Monsters is a strange jumble of different styles and ideas, most of which never fully work. It’s Mumblecore meets Apocalypse Now meets Jurassic Park meets Cloverfield, a pretty ambitious mix of influences when you consider they made it on a micro-budget.

It’s set in a near future where alien spores have landed in Mexico, turning most of the country into a game preserver for unfriendly, giant, alien monsters. We follow two Americans trying to get from the south of Mexico, through the “Infected Zone” in the northern half, and back into the United States. The reasons Monsters concocts to send its characters through the infected zone are, at best, half-assed; but not as half-assed as the breain dead political ideology it attempts to shove down its audiences’ collective throat as they travel.

The idea here seems to be to use giant Alien monster infestation as some sort of commentary on United State foreign policy. They lay it on pretty thick, taking America to task on everything from the war to Mexican immigration. The problem is that none of these ideas really fit with what’s going on in the primary, alien-driven storyline, yet they keep right on shoehorning them in. For example, there’s some attempt to blame the aggression of the alien monsters on America’s decision to bomb them. The would-be sympathetic Mexicans our characters encounter seem to intimate that the aliens only attack when the Americans bomb. Of course minutes later the aliens attack and slaughter the very people who’ve been attempting to paint them as peaceful, yet Monsters doesn’t seem to notice and it eventually goes right back to shoving the same dumb-ass political pondering out of the screen as if nothing had happened.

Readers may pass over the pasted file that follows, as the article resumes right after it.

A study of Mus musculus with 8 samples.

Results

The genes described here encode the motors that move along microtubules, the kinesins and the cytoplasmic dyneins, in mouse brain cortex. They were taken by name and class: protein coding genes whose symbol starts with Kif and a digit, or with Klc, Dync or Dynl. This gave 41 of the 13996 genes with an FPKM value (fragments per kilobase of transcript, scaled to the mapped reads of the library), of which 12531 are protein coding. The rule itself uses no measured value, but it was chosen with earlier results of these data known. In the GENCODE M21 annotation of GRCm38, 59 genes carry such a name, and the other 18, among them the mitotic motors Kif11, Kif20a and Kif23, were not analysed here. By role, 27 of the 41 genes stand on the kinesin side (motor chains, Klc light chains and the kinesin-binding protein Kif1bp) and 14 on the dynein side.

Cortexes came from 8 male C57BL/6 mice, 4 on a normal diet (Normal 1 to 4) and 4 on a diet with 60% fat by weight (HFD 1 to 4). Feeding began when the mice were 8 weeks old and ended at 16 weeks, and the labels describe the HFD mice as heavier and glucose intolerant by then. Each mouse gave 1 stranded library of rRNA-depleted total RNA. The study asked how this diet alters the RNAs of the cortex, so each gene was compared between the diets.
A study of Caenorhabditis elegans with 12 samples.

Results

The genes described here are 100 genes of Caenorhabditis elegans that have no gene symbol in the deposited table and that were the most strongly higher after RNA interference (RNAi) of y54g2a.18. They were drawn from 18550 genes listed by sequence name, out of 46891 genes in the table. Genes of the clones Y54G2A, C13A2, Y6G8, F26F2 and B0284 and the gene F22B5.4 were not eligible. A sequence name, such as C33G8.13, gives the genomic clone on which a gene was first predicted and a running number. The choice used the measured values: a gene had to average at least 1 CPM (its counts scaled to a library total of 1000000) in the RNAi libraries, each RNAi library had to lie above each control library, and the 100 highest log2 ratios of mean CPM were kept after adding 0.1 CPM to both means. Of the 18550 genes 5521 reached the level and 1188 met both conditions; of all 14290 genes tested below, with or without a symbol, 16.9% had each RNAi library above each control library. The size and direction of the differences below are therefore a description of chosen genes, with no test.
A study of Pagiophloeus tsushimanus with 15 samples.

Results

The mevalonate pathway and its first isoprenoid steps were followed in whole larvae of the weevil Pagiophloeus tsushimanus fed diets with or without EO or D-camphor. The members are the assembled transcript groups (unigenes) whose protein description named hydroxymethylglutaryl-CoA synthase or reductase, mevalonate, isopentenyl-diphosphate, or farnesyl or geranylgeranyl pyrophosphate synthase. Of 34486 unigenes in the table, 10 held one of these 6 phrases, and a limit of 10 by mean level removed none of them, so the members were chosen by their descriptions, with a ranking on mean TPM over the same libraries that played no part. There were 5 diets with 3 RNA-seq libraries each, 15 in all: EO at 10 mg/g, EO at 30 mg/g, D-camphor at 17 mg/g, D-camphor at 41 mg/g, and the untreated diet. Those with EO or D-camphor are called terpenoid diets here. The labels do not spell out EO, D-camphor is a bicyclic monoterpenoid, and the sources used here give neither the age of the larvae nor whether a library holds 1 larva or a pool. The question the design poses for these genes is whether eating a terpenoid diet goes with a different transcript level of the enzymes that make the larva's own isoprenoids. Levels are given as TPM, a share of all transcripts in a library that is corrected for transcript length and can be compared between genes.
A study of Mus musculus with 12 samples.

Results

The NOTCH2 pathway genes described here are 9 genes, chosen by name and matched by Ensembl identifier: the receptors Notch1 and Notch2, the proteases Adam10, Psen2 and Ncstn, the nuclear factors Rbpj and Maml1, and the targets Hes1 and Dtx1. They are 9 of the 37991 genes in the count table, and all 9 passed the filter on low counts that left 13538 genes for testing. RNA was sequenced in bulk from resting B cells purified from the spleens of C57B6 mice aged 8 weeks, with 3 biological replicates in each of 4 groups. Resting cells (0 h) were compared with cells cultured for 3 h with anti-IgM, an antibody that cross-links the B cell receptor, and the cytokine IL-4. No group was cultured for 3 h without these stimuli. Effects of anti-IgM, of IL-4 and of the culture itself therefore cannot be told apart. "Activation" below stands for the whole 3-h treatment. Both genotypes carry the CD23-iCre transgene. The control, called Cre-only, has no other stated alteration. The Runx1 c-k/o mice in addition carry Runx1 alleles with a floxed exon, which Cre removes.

In fact Monsters gets so busy trying to play the America is evil card that it forgets to show any actual alien monsters. The aliens which are, in theory, the only reason this movie exists aren’t seen until the very end of the film, and before that they only make a very brief, foggy cameo. Instead most of the film is spent watching two people hanging out and talking as they travel. Luckily, the actors they hired to play them are pretty good.

Scoot McNairy and Whitney Able are fantastic as two people traveling and learning together, they’re not so great as people who should be scared to death of aliens. But that’s not really their fault, the film just doesn’t take its alien premise very seriously, so why should they? Able and McNairy are so good that you almost won’t mind that the film spends so little time on other-worldly attackers… almost. It’s also incredibly beautiful. Director Gareth Edwards has a brilliant eye for photographing amazing jungle scenery and for photographing Able who is, let’s face it, pretty easy to photograph. Monsters looks amazing, it just needs more monsters. Edwards seems more interested in political commentary and I have the sneaking suspicion that his title is less a reference to the gigantic, twenty-story tall aliens which it spends so much time talking about but rarely showing, and more a reference to these UK filmmaker’s opinion of America and its people.